1. There is only a minor painful limitation of the passive medial rotation.
A minor but painful limitation of the passive medial rotation as the only positive test ( the other passive tests being full range and painless and the resisted tests strong and painless) usually indicates a Chronic 'Adhesive' Bursitis.
2. There is only a minor but painful limitation of the passive elevation.
A minor but painful limitation of the active as well as of the passive elevations in the absence of other positive tests (the passive lateral- en medial rotations being full range and painless and the resisted movements strong and painless) usually point in the direction of a Chronic 'Adhesive' Bursitis.
3. The combination of capsular pattern in combination with positive resisted movements.
A capsular pattern in combination with one or more positive resisted tests can be somewhat confusing. It is possible that the thightening of the rotator-cuff muscles (2), which also partly insert in the fibrous capsule and strenghten it, irritate a severely inflamed synovia (1). Thus in a pronounced arthritis (Acute stage), the resisted tests may somewhat increase the pain. In this case, the positive resisted tests will not be considered as a sign of a contractile lesion but as 'transmitted stress'. One should the completely concentrate on the treatment of the capsular pattern and with the improvement of the situation, the resisted movements will usually become negative as well.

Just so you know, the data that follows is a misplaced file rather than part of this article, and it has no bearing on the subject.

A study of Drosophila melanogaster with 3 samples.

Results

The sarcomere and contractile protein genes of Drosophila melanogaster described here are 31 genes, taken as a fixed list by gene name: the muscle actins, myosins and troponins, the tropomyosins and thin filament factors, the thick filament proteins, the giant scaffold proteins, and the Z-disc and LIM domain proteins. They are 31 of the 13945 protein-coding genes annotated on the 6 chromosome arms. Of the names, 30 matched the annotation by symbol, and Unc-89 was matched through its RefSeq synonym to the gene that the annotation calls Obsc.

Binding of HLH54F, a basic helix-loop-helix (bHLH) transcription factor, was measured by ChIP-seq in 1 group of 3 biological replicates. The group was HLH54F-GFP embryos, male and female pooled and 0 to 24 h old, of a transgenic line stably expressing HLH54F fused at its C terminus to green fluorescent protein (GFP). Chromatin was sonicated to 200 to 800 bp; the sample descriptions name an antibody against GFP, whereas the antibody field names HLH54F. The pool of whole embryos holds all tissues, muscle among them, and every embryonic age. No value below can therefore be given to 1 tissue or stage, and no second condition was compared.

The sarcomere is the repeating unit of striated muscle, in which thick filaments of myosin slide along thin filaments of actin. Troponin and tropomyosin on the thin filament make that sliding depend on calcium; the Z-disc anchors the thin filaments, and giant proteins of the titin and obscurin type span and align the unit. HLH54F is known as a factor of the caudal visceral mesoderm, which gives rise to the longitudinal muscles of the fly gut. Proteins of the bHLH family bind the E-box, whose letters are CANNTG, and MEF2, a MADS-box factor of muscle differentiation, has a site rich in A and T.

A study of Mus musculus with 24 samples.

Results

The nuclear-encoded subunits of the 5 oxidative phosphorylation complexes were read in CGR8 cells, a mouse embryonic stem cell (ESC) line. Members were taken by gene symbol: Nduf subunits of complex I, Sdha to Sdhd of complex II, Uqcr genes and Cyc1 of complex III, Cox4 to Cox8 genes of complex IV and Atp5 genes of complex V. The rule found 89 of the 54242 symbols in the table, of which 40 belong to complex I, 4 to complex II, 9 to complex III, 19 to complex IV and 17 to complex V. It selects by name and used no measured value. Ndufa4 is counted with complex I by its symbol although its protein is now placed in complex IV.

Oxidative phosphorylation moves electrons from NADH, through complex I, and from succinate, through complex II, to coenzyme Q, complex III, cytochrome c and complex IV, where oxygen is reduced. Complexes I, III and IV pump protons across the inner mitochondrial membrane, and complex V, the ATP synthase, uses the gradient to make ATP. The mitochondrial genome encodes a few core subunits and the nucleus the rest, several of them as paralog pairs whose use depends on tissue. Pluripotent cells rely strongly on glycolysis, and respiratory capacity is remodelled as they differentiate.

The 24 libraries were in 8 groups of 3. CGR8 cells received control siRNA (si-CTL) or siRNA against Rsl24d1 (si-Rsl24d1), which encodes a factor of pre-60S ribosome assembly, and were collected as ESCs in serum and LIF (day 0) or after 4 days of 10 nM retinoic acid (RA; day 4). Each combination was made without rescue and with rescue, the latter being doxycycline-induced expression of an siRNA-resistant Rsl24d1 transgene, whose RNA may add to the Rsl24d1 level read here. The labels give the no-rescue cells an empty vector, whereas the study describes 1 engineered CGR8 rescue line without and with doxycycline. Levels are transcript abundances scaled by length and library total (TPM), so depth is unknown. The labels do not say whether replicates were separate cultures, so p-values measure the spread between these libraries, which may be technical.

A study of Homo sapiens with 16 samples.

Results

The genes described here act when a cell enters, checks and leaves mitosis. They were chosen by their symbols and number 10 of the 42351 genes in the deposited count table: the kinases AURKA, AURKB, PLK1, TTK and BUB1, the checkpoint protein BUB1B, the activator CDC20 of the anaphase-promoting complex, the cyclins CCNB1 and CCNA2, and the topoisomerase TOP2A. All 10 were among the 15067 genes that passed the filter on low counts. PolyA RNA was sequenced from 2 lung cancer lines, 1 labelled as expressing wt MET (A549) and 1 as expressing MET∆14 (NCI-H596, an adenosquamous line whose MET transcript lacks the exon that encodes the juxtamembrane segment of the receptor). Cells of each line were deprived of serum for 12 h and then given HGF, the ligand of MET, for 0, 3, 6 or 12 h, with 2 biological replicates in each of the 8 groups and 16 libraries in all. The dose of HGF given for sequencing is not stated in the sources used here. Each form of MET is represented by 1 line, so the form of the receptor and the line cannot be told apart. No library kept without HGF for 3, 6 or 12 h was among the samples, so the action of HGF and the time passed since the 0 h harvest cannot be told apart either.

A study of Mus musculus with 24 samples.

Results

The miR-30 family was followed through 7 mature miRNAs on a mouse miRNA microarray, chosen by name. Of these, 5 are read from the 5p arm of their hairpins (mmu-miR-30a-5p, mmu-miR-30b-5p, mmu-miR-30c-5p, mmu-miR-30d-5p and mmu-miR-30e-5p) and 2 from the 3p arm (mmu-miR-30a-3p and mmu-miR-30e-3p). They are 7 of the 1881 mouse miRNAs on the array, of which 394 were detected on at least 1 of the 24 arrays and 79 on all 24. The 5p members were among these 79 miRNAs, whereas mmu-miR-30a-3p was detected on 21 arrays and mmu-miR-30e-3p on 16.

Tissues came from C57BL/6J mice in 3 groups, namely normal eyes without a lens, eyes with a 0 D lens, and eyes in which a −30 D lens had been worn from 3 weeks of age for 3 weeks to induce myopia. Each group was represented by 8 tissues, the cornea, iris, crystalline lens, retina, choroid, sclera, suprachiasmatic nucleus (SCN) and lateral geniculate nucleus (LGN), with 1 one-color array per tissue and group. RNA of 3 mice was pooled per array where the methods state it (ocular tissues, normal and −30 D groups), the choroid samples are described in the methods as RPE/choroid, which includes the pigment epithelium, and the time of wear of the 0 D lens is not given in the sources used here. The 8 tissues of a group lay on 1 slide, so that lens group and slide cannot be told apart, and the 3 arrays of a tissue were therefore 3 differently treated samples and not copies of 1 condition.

4. There is a non capsular pattern in combination with positive resisted movements.
A minor but painful limitation of the medial rotation or of the elevation, in combination with one or more painful resisted movements (usually abducton and/or lateral rotation) should be considered as signs of a Chronic 'Adhesive' Bursitis.
A minor painful limitation of the passive elevation or of the medial rotation in combination with a weak ( and painful)
resisted abduction and -lateral rotation should be interpreted as
signs of an extensive rotator cuff lesion;
The limitation of the passive movements may be caused by the considerable accumulation of fluid in the subacromial space.
Sometimes, the active elevation is thoroughly limited if the rupture of the supraspinatus is complete.